NTSB Issues Warning over Part 23 Rewrite

The NTSB voiced concerns over a proposed revised certification process for light airplanes. Zodiac

The National Transportation Safety Board raised serious concerns over the FAA-proposed Part 23 Rewrite proposal, cautioning in comments on the recent notice of proposed rulemaking that the revised certification process for light airplanes could allow inferior designs to slip through the cracks, impacting safety.

The NTSB's concerns are quite similar to the warning about the Part 23 Rewrite published by Flying two years ago.

“Although we appreciate that the NPRM attempts to address certain issues related to our safety recommendations and accident investigations, we are concerned with and have questions about how the new certification process will work,” the NTSB wrote. “We urge the FAA to maintain the necessary level of safety as it continues to develop new pathways to airplane certification.”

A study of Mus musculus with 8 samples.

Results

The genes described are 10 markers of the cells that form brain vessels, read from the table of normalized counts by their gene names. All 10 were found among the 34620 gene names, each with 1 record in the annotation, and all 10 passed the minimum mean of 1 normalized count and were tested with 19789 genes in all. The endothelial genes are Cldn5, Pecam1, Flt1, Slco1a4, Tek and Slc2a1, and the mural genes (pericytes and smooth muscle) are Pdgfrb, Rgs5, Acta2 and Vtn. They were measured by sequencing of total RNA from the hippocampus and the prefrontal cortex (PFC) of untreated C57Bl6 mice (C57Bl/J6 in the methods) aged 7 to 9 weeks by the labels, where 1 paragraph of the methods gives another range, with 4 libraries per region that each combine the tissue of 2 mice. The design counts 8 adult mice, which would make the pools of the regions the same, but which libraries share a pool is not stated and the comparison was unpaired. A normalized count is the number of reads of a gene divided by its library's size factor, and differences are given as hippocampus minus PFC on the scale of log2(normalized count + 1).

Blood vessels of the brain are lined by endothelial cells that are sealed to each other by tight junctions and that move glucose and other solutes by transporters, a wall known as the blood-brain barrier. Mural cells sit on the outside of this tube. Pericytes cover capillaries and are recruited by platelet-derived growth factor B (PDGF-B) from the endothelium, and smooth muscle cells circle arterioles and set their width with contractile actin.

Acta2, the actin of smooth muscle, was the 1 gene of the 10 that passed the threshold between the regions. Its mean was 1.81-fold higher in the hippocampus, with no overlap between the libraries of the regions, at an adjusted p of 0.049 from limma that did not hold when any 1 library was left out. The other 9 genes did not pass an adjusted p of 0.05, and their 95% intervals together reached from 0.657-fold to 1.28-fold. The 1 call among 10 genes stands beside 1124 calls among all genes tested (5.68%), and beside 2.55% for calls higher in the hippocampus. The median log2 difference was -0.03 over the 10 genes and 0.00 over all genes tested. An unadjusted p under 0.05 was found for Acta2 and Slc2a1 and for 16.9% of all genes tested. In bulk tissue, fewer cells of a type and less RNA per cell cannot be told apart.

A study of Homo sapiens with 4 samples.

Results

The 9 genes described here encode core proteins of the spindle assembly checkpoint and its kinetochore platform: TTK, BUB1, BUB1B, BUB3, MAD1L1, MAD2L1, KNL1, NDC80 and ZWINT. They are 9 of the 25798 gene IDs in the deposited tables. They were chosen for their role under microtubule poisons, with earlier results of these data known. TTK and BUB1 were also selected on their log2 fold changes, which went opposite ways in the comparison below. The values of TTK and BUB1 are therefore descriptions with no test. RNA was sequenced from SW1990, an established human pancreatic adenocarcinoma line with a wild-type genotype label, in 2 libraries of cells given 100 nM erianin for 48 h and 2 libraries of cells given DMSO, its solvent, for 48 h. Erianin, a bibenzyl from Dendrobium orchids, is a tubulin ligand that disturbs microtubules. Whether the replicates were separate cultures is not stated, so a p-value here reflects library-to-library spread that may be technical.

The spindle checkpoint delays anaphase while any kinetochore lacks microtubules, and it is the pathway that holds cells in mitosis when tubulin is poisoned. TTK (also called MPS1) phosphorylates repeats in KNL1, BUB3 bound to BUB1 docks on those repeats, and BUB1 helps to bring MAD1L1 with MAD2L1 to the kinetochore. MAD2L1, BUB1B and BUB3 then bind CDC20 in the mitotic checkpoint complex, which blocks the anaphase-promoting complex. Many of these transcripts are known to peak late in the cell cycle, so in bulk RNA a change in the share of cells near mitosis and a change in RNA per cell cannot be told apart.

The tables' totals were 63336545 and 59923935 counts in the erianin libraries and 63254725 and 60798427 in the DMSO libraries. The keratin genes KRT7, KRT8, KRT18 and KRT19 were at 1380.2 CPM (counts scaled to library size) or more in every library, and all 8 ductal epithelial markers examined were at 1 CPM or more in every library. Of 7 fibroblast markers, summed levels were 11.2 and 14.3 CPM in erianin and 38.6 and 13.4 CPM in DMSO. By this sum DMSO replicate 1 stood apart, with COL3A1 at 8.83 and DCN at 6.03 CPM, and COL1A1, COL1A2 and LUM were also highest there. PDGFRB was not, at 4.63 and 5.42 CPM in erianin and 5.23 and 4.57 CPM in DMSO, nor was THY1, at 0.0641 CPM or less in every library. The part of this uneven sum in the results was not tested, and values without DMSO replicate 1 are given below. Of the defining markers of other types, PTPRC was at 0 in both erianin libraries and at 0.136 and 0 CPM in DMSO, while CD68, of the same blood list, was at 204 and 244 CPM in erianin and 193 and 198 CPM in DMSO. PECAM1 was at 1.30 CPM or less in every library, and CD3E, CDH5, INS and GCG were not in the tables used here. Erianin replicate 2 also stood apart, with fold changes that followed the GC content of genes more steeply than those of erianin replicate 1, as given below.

The board pointed to the use of “consensus standards” in the design of light sport aircraft, noting that in-flight breakups involving the Zodiac CH-601XL have been traced to “problems, delays and omissions within the consensus standards” that “did not provide adequate protection from catastrophic aerodynamic flutter.” The NTSB says design deficiencies such as this would likely have been caught during Part 23 certification, but perhaps not under the revised Part 23 consensus standards.

As we noted in our April 2014 editorial, the potential pitfalls of certification reform are clear: Unless we learn from the lessons of the LSA market’s failings, we risk repeating those same mistakes. We need to simplify Part 23 regulations to spur innovation and drive down cost, yes, but not at the expense of opening up the GA market to low-quality airplanes produced by a new crop of manufacturers with tenuous financial backing. That would be a recipe for disaster.